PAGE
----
Model, 24, collapses to floor after 'cyst' turns out to be aggressive breast cancer

A MODEL collapsed to the floor after what she thought was a cyst turned out to be an aggressive form of breast cancer.

Sacha Mills wasn’t concerned when she found a lump in her breast last spring, thinking it was "impossible" to be diagnosed with cancer so young.

The now 25-year-old, from Basingstoke, Hampshire, said: “I first noticed something was wrong when I was getting changed for bed one evening and my hand brushed against my breast.

"I could feel a lump.

“I went down to my mum and asked her if she could feel it too. She was quite shocked and said it seemed like a big lump.”

Sacha booked a doctor’s appointment and, lying down for the examination, she says that she could even see the lump protruding from her skin.

She continued: “The lump was visible, but I was convinced it would just be a cyst.

“I was sent for a biopsy to determine what it was and, because I was worried, I brought my mum with me when I was asked to come in for my results.”

Just two weeks later Sacha and her mum, Janice, 62, were told that the lump was in fact stage 3 triple-negative breast cancer.

Sacha said: “I heard them say cancer and I didn’t hear anything else after that. I collapsed to the floor with shock.”


Triple negative breast cancer accounts for around 15 per cent of all breast cancer cases (8,000 a year in the UK).

It is usually more aggressive and harder to treat than other types because it cannot be targeted with hormone treatment.

Eight in 10 cases of breast cancer are diagnosed in women over the age of 50.

However, triple negative breast cancer is more common in women under 40, and black women.

Sacha said: “I couldn’t believe it was really happening, I thought it was impossible. I was only 24.

“My mum was so upset, she kept saying, ‘I’ll have it, why couldn’t it be me?’

“I went onto Google and found out that the survival rate is 77 per cent. So I knew it was aggressive.”

The American Cancer Society reports that 77 per cent of women diagnosed with triple negative breast cancer at any stage are still alive five years later.

There are no figures for the UK, but the five-year survival rate for breast cancer generally is 76 per cent after 10 years.


KNOW THE SIGNS

Breast Cancer Now recommends that women check their breasts at least every six weeks.

If you find anything that is unusual to you then you should see your GP.

Regular checking means you will get to know your breasts. That means six months, a year, even ten years down the line, if something changes, you will be able to detect it and quickly.

Here are the eight key signs that you need to look out for when it comes to changes in your breasts.

  • A new lump or thickening in your breast or armpit;
  • Change in the size, shape or feel of your breast;
  • Skin changes in the breast, including puckering, dimpling, a rash or redness of the skin;
  • Fluid leaking from the nipple in a woman who isn’t pregnant or breastfeeding;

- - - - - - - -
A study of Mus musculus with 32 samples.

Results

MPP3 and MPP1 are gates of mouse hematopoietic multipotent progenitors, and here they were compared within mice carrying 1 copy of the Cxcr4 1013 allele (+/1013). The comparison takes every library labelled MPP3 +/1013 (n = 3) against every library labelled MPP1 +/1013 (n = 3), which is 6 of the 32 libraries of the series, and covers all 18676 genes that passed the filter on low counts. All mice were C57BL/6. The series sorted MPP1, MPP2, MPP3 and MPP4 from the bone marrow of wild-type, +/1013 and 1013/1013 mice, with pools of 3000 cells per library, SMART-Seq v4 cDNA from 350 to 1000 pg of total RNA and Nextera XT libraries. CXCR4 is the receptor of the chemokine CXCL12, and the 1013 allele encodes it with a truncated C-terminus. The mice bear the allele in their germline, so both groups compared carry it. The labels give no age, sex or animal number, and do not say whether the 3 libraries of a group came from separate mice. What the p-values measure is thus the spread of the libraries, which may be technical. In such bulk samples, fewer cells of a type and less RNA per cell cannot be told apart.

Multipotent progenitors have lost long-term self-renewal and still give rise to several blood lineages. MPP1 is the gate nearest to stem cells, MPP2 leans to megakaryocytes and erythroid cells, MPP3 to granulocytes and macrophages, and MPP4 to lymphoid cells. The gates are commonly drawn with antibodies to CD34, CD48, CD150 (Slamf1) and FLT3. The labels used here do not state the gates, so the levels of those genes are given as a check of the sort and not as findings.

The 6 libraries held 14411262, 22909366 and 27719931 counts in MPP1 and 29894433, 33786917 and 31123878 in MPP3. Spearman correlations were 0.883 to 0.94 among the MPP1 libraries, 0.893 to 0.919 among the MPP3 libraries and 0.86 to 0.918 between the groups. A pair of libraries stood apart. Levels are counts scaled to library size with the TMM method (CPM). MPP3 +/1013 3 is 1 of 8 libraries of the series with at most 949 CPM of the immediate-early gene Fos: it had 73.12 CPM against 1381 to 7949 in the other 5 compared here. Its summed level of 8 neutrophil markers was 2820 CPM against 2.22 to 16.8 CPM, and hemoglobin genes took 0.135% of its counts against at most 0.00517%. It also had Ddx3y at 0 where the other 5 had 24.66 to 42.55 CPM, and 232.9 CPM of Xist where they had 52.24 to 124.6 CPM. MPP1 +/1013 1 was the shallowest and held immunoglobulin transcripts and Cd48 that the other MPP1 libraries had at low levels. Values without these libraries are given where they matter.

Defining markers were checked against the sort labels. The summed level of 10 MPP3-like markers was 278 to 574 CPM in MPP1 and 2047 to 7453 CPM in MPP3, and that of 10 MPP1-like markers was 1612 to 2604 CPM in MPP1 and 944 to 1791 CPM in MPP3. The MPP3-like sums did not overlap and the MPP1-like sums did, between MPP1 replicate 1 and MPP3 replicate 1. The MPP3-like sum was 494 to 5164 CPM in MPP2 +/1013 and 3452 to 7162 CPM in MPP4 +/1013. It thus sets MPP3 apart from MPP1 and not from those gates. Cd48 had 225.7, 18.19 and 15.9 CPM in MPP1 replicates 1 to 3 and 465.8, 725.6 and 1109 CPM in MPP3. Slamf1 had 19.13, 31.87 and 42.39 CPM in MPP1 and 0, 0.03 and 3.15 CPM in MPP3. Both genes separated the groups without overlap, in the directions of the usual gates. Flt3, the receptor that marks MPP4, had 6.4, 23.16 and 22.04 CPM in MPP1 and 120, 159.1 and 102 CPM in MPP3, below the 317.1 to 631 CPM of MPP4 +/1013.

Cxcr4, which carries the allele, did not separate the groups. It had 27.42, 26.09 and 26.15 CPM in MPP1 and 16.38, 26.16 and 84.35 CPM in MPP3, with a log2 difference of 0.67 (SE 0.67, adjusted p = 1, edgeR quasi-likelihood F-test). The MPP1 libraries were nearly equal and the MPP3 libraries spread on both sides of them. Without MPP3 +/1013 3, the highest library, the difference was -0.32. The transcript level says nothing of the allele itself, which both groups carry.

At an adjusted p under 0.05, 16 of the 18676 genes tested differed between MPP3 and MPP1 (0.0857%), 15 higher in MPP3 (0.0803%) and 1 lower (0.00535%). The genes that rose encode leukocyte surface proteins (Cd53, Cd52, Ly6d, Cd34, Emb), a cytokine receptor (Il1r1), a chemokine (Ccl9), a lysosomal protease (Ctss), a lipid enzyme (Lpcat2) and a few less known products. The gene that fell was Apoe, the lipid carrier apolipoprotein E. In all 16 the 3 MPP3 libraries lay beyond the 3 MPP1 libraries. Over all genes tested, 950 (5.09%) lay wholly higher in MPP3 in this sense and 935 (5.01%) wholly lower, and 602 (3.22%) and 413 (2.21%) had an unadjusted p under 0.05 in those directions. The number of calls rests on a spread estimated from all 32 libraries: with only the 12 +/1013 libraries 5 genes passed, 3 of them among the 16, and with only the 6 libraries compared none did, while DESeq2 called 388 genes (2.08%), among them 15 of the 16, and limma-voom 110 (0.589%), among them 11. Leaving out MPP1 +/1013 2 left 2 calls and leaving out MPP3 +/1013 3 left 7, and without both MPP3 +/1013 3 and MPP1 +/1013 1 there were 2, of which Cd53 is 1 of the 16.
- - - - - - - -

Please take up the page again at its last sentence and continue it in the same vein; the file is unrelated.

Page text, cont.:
• Nipple changes, including a change of position, or the nipple pulled in;
  •  Pain in your breast;
  • A swelling in your armpit or around your collarbone;
  •  Any other unusual or persistent changes to your breast.

If you notice any of these or are worried, the best thing to do is see your GP.

Doctors told Sacha the cancer had spread from her left breast to her lymph nodes, and that she required surgery to remove the mass, called a lumpectomy. 

But instead, Sacha, who is single, opted for a mastectomy, removing her left breast and its tissue.

“It’s a bit upsetting to lose my breast now, as I’m still very young,” Sacha said.

“At first I was worried that I wouldn’t feel attractive anymore while dating, but I don’t feel like that now.

“And if the choice comes between that and losing my life, it’s a no brainer.”

In June 2020, Sacha went under the knife for the life-saving procedure and, once recovered, she started chemotherapy in July.



Sacha's biggest worry was losing her hair, having been a hairdresser. But she embraced the change by trying wigs.

Sacha said: “I think I was more concerned about losing my hair than my breast. As a hairdresser, that was my worst nightmare. I’m very guarded about my hair.”

Sacha is waiting to get breast reconstruction, but it’s been postponed due to the Covid pandemic.

She hopes to have it done in the next two years.

But for now, Sacha is just relieved to have been given the all-clear, having just finished her radiotherapy treatment in March.

And since her diagnosis, Sacha has become a model.

She joined the Fashion Targets Breast Cancer campaign, supported by River Island this spring.

Sacha took part in a photo shoot, held over FaceTime due to the pandemic, wearing a t-shirt and jeans, and will appear as a model for the range available in River Island from May 6.


Baroness Delyth Morgan, Chief Executive at Breast Cancer Now, said: “By purchasing an item from River Island’s Fashion Targets Breast Cancer collection, you’ll be ‘wearing something important’ that not only looks stylish but helps ensure that the 600,000 women living with, through and beyond a breast cancer diagnosis in the UK get the support they need.

“Huge thanks to all River Island staff and customers for their unwavering support for this campaign over the past 25 years, and for continuing to partner with us in calling on women to make a real difference by ‘wearing something different’ this Spring.”

Shop the Fashion Targets Breast Cancer collection, online and in-store at River Island, from 6 May.